Facebook has joined the protest against Apple's "App Store tax", accusing the iPhone maker of creaming off the "hard-earned" income of small businesses struggling with the pandemic.
The social media titan said it would be waiving all fees for the first year of its new online events service, which will let users market, host and get paid for hosting live broadcasts.
But it also warned customers that Apple had refused to waive its own 30pc cut, meaning that they would lose 30pc of any tickets bought using Facebook's iPhone and iPad apps.
It came just one day after Epic Games, the makers of Fortnite, goaded Apple into kicking the game off its App Store and then ambushed it with a lawsuit for monopoly abuse lawsuit.
Both actions are part of a broad revolt among app makers against Apple's rigid App Store fees, which critics characterise as anti-competitive rent-seeking.
Fidji Simo, the vice president in charge of Facebook's main app, said: "To support small businesses and creators, Facebook will not collect any fees from paid online events for at least the next year... small businesses will keep 100p of the revenue they generate from paid online events.
"We asked Apple to reduce its 30pc App Store tax or allow us to offer Facebook Pay so we could absorb all costs for businesses struggling during Covid-19.
"Unfortunately, they dismissed both our requests and [businesses] will only be paid 70pc of their hard-earned revenue."
Epic Games has defied the App Store Monopoly. In retaliation, Apple is blocking Fortnite from a billion devices.— Fortnite (@FortniteGame) August 13, 2020
Visit https://t.co/K3S07w5uEk and join the fight to stop 2020 from becoming "1984" https://t.co/tpsiCW4gqK
To rub it in, Facebook's payment screen will warn users that "Apple takes 30pc of this purchase", while its payment screen on other systems will say: "Facebook doesn't take a fee from this purchase."
Unlike Google's Android operating system, Apple's iOS does not allow users to install any apps except via its own strictly controlled app store, and it forbids all in-app purchases and subscriptions that do not use its own payment system.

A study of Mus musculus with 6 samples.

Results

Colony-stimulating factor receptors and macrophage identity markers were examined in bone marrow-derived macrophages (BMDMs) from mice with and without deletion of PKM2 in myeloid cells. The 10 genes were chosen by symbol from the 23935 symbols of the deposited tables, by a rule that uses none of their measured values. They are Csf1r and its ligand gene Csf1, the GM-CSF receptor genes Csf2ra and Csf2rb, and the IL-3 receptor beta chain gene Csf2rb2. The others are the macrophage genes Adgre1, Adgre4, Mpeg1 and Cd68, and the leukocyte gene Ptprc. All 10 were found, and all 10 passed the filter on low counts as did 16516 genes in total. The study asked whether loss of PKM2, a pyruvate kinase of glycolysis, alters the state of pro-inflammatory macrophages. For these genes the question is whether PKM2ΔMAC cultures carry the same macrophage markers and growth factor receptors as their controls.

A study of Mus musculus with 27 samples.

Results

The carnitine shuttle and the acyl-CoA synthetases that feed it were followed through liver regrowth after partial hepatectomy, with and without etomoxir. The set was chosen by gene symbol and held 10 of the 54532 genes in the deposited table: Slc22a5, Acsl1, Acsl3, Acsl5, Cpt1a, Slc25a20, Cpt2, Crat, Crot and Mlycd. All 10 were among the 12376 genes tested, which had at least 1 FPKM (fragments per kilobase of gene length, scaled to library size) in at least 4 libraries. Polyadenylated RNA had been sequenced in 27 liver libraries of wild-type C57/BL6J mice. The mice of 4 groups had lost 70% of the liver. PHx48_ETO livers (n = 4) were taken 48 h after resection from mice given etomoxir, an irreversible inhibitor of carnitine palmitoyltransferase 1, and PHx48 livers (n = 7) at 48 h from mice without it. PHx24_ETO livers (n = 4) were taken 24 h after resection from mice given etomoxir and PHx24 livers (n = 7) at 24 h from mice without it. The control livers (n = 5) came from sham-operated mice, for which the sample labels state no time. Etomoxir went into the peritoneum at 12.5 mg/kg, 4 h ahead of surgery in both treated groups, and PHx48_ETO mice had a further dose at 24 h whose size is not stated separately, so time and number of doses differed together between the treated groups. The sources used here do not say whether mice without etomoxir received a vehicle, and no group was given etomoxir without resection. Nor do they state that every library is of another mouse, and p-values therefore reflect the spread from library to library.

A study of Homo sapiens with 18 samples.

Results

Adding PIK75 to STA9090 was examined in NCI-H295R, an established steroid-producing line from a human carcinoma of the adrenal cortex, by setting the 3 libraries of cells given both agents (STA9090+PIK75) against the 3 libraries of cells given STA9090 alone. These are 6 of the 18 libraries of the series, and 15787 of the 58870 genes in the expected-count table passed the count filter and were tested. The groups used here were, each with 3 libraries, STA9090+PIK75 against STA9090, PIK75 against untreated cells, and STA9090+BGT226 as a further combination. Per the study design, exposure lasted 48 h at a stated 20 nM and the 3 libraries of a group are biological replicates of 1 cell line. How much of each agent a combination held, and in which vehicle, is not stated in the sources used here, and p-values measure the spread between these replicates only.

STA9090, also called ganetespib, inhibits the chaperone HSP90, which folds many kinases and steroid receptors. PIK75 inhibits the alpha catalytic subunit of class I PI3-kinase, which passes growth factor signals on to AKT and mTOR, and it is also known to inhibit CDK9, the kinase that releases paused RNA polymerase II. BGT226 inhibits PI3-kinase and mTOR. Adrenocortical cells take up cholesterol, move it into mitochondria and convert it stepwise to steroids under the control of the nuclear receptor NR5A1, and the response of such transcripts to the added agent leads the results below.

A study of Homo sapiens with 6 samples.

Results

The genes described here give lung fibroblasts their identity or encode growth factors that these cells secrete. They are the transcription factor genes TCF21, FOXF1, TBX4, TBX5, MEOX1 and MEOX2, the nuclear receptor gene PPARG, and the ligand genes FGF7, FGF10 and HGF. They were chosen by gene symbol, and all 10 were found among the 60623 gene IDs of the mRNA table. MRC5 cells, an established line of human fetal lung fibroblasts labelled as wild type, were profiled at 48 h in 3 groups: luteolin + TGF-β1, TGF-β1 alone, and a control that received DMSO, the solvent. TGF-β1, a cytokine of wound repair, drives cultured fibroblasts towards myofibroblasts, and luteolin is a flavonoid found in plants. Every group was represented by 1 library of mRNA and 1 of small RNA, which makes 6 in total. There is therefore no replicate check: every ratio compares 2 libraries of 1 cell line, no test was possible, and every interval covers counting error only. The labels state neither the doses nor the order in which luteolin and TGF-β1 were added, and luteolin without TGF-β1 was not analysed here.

That iron control allows Apple to charge a 30pc cut of all in-app transactions, and it frequently boots apps off its service for alleged breaches.
Last week, Facebook also admonished Apple for failing to approve its new Facebook Gaming app, telling iPhone users that they would be unable to access some of its key features due to the phonemaker's policies.
Microsoft, too, has criticised the company for barring cloud video gaming services, including its upcoming xCloud, from its devices.
“Apple stands alone as the only general purpose platform to deny consumers from cloud gaming and game subscription services like Xbox Game Pass," Microsoft said.
Mr Simo went on: “We think it’s really important to be transparent, when people are supporting small businesses, [about] where their money is going.
"When people are paying $20 for an online event, they think it’s all going to a local business when 30pc is going to an almost $2 trillion company... we thought that it was an important thing to call out in the context of supporting small businesses."
Both Facebook and Apple have sought to portray themselves as champions of small businesses and engines of job creation during the pandemic. Apple's boss Tim Cook described the App Store as an "economic miracle", while Facebook's Mark Zuckerberg has called its services an economic "lifeline".